The more than 3 million diners who eat at Fort Bragg's dining facilities should be relieved when the Army announces its plans to close at least 14 dining facilities and shrink 45 others in efforts to cut costs and redirect funding.

Officials are looking to close garrison dining facilities as the first way to drive down costs, according to an executive order by the logistics office of Army headquarters. The move is designed to redirect money to align with war-fighting needs.

Fort Bragg officials, however, said they believe the post won't be affected, and have already taken steps to make their facilities more appealing.

"We're sitting in a good place right now," said James Ramey, food program manager at Fort Bragg's Logistics Readiness Center.

Last summer, Lt. Gen. Gustave F. Perna, deputy chief of staff G-4, began reviewing all installation logistics and services within Army headquarters. Garrison dining operations became the first target to cut costs, according to the executive order.

The executive order is ongoing and could take years to complete, according to the logistics office.

The executive order outlined the need to close 14 dining facilities, shrink the floor space of 45 dining facilities and transition smaller facilities like unit- or brigade-centric to larger dining facilities like division- or installation-centric.

The executive order indicates that full-service contracts will be maintained in Fort Bragg-associated Key West, Camp Mackall and the U.S. Army Special Warfare Center and School. All other locations will be run by Army cooks, according to the executive order.

Food service officials should be looking for ways to expand food service outside of a traditional dining facility, such as mobile sites and kiosks, according to the executive order. The dining facilities should be conducting surveys to identify the locations closest to where soldiers live, work and train to place mobile and temporary food service sites.

The dining facilities should develop and implement Department of the Army enterprise menus and recipes that satisfy soldiers' preferences, while supporting the soldiers as athletes to help improve their physical and cognitive performance, according to the executive order.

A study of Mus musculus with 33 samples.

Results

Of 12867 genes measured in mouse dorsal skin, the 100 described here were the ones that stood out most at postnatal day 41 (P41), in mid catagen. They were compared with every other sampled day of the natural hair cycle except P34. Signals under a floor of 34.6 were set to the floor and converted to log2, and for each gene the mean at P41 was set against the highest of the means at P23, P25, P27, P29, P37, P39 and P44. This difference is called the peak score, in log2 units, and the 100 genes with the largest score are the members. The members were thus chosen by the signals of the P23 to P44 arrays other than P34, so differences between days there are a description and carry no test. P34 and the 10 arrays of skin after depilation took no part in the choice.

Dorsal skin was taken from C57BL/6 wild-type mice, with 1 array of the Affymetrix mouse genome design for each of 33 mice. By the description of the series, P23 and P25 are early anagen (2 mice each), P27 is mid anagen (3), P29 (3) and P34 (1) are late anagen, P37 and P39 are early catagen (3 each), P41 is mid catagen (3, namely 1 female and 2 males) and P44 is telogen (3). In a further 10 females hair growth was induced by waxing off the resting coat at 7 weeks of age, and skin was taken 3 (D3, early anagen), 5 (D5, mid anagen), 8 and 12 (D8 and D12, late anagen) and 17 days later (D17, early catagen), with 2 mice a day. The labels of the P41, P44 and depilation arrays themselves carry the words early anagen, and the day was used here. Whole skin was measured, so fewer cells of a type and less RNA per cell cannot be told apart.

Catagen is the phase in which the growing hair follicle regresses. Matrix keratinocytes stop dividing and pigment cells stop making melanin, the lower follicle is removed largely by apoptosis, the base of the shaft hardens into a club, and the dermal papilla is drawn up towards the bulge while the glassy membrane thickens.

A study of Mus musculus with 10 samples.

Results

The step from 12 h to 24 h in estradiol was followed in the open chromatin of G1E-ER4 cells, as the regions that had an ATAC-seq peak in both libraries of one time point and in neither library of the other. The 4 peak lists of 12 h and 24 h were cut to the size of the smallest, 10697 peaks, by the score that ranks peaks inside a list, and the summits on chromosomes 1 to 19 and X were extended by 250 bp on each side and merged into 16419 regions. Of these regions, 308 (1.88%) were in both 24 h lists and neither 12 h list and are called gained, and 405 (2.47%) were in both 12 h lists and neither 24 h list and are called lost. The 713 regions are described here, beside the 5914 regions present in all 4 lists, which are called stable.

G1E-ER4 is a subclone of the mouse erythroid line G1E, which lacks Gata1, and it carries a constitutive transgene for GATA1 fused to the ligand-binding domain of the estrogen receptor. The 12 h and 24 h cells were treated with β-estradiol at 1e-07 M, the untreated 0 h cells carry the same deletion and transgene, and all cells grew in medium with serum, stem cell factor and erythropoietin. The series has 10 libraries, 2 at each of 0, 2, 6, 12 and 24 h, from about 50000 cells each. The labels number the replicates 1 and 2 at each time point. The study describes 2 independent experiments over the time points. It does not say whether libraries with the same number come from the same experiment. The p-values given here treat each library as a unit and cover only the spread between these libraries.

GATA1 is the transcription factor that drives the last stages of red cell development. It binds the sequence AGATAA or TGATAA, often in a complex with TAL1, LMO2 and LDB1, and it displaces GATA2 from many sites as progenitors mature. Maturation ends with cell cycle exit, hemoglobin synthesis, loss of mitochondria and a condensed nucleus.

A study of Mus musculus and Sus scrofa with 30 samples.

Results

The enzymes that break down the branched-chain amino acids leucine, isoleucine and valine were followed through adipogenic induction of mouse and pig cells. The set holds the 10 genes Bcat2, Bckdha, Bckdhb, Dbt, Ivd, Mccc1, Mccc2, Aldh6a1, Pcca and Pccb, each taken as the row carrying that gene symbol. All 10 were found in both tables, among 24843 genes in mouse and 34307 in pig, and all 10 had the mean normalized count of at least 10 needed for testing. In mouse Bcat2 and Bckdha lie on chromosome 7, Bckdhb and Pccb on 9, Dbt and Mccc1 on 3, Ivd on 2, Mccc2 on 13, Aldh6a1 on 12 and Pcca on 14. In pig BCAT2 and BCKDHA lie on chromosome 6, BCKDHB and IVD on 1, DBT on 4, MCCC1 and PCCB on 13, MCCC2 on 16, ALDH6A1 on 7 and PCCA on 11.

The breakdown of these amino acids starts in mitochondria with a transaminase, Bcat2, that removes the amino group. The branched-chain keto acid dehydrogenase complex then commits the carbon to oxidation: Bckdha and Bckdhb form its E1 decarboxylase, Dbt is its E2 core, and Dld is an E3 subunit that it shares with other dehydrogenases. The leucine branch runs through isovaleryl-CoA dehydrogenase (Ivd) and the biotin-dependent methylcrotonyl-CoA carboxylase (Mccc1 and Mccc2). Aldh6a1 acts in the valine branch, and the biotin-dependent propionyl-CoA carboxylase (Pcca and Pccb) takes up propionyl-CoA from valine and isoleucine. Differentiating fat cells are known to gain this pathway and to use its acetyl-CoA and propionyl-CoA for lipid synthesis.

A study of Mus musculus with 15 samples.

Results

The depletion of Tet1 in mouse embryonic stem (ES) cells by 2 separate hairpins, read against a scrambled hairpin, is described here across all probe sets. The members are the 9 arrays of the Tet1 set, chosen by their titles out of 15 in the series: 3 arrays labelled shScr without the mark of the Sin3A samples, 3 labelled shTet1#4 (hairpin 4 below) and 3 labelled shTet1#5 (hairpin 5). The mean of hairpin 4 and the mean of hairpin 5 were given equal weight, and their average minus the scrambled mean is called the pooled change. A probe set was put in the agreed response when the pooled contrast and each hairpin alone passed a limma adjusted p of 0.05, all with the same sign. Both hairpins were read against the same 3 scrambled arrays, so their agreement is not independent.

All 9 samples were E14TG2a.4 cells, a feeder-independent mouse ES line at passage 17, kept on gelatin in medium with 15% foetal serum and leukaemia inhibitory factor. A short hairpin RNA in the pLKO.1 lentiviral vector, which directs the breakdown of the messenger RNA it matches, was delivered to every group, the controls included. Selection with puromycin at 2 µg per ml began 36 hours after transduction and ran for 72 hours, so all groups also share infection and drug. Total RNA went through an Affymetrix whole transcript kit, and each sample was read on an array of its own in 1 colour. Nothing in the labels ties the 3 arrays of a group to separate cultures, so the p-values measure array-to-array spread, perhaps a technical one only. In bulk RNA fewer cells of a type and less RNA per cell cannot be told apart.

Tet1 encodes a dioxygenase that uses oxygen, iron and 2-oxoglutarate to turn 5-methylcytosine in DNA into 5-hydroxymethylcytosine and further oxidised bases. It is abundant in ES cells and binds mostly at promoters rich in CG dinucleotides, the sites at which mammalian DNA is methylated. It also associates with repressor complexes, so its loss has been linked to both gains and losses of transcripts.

More than 3.4 million people ate at Fort Bragg's dining facilities last year, Ramey said.

There are 16 dining facilities sprawled across post, including facilities at 3rd Special Forces Group and Womack Army Medical Center . The dining facilities must operate at 65 percent, but Fort Bragg's average usage rate for all of its facilities hangs around the low 80s, Ramey said.

Ramey said Fort Bragg has taken a proactive approach to reshaping its dining facilities. He said several of the changes suggested in the Army's executive order have already been addressed.

The dining facility for the inactivated 4th Brigade Combat Team has closed, he said. Others have revamped menus and found convenient ways for soldiers to pick up food from the dining facility.

"We're ahead of anything," Ramey said. "We always have to improve. If we don't change and evolve, the customer might go away. We have to offer them what they want, when they want it. We make a conscience effort to improve."

Among changes happening at Fort Bragg, the 2nd Brigade and 18th Field Artillery Brigade dining facility revamped its healthy menu to attract soldiers.

Cooks at that facility reviewed their menus looking for simple places to tweak. They cut out sodium, focused on all-natural ingredients and shifted from frozen and canned foods to fresh choices.

The dining facility, which serves about 600 people per meal three times a day, said the number of people choosing the healthy bar increased from 50 to 150 within its first month.

And earlier this month, cooks at the 108th Air Defense Artillery Brigade opened Fort Bragg's first drive-thru window.

The drive-thru menu is designed to be faster, so it's grab-and-go type food, such as sandwiches, wraps and hamburgers. It was a simple change, but officials said soldiers had been asking for the window, and a line of cars backed around the building on its opening day.